No dual-listing for Arm as firm chooses New York’s Nasdaq
Despite the UK government’s best efforts, semi-conductor company Arm has decided to float its shares only in New York following its initial public offering (IPO). The UK government had been trying to lure the firm to go for a dual listing in New York Nasdaq and the London Stock Exchange.
"After engagement with the British government and the Financial Conduct Authority over several months, SoftBank and Arm have determined that pursuing a US-only listing of Arm in 2023 is the best path forward for the company and its stakeholders,” Arm chief executive Rene Haas said in a statement.
There have been multiple attempts by the UK government to get the dual listing including one in September last year that was led by former UK Prime Minister Liz Truss and chancellor Kwasi Kwarteng.
In January this year, it was also reported that Prime Minister Rishi Sunak had hosted Haas at Downing Street to try and negotiate a deal. Masayoshi Son, founder and CEO of SoftBank was also at the meeting.
And when it all seemed not to be working, there were rumours that the UK government was considering invoking the National Security and Investment Act (NSIA), which gives ministers the power to intervene in mergers and acquisitions on the grounds of national interest. However, that would have backfired seeing as Arm is already owned by a foreign organisation.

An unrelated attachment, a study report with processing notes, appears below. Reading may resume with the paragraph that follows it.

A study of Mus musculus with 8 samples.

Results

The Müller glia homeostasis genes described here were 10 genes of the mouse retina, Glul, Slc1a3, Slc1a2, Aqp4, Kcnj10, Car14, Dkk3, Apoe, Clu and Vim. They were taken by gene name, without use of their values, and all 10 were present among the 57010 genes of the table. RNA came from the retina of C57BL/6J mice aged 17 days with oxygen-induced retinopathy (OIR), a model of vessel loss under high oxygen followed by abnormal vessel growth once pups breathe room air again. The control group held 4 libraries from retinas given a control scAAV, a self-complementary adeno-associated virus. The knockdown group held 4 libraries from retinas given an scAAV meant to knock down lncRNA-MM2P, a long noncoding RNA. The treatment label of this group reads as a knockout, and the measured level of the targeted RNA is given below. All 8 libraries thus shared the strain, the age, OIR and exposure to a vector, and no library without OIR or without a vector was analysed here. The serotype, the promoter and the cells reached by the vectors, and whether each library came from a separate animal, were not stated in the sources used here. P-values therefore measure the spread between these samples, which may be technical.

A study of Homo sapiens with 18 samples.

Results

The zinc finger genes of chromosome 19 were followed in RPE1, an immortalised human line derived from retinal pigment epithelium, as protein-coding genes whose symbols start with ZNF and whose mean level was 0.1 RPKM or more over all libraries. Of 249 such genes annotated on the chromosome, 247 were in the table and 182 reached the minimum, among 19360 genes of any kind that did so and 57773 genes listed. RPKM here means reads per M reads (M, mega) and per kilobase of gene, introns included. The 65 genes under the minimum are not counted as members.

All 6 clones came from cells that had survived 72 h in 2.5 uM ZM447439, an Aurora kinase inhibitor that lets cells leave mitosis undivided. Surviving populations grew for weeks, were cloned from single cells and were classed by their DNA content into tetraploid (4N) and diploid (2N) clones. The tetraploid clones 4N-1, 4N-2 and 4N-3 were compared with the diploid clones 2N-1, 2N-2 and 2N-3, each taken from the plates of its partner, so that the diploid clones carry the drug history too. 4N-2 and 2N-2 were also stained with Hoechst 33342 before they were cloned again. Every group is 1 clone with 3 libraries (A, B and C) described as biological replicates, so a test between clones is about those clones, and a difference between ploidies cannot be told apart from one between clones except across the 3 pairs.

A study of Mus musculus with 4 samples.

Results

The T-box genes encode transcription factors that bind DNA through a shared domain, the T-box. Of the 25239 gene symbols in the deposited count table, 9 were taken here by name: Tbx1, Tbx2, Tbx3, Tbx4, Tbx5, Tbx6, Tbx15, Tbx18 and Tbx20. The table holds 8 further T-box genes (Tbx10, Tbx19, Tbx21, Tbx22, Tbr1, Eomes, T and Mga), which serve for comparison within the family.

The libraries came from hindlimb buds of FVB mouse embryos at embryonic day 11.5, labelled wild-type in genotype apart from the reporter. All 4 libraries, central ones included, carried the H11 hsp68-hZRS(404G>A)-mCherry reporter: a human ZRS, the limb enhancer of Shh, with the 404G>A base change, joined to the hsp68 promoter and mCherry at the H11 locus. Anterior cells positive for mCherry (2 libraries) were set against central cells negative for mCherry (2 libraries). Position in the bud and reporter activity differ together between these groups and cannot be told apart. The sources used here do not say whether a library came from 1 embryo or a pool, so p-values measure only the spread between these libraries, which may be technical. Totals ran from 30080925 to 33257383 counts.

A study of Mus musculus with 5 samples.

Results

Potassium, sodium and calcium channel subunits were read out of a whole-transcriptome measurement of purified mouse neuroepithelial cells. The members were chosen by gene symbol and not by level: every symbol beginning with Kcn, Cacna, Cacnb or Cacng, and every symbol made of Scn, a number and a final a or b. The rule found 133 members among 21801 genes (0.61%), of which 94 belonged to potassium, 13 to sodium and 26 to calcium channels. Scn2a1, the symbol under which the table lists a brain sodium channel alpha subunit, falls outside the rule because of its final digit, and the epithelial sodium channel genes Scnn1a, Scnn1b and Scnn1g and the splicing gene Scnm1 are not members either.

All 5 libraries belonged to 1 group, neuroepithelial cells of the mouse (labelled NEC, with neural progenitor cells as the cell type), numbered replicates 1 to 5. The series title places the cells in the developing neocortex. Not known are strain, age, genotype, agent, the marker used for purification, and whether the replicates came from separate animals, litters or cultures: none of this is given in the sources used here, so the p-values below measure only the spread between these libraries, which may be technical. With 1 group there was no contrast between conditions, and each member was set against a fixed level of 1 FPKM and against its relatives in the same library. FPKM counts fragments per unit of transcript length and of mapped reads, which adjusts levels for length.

But, all hope is not lost. Haas has said that the company will consider a dual listing in due course. The company will also be keeping its headquarters in Cambridge, UK as well as its “material IP” and has plans to open a new site in Bristol. The news will come as another blow to the FTSE 100 shares index, seeing as London has already lost its position as the top European trading centre following Brexit.
Industry experts are conflicted on the news with some believing that the UK government is to blame for the snub. Russ Shaw, founder of Tech London Advocates says that Arm’s decision is a direct consequence of the UK government allowing the firm to be sold to a foreign entity.
"Arm's journey to the Nasdaq was somewhat sealed when it was allowed to be sold to an overseas acquirer back in 2016. Nations like the US and China that recognise the strategic value of chip companies would not have allowed such a decision to be made, and the UK must now endeavour to proactively protect its semiconductor industry," he said.
However, Gartner vice president for semiconductors and electronics Richard Gordon disagrees with this theory saying that the move was financially motivated.
"I don't think this has much to do with the UK's lack of a 'coherent technology strategy,' which is a given. More likely it's to do with financial market considerations," he said.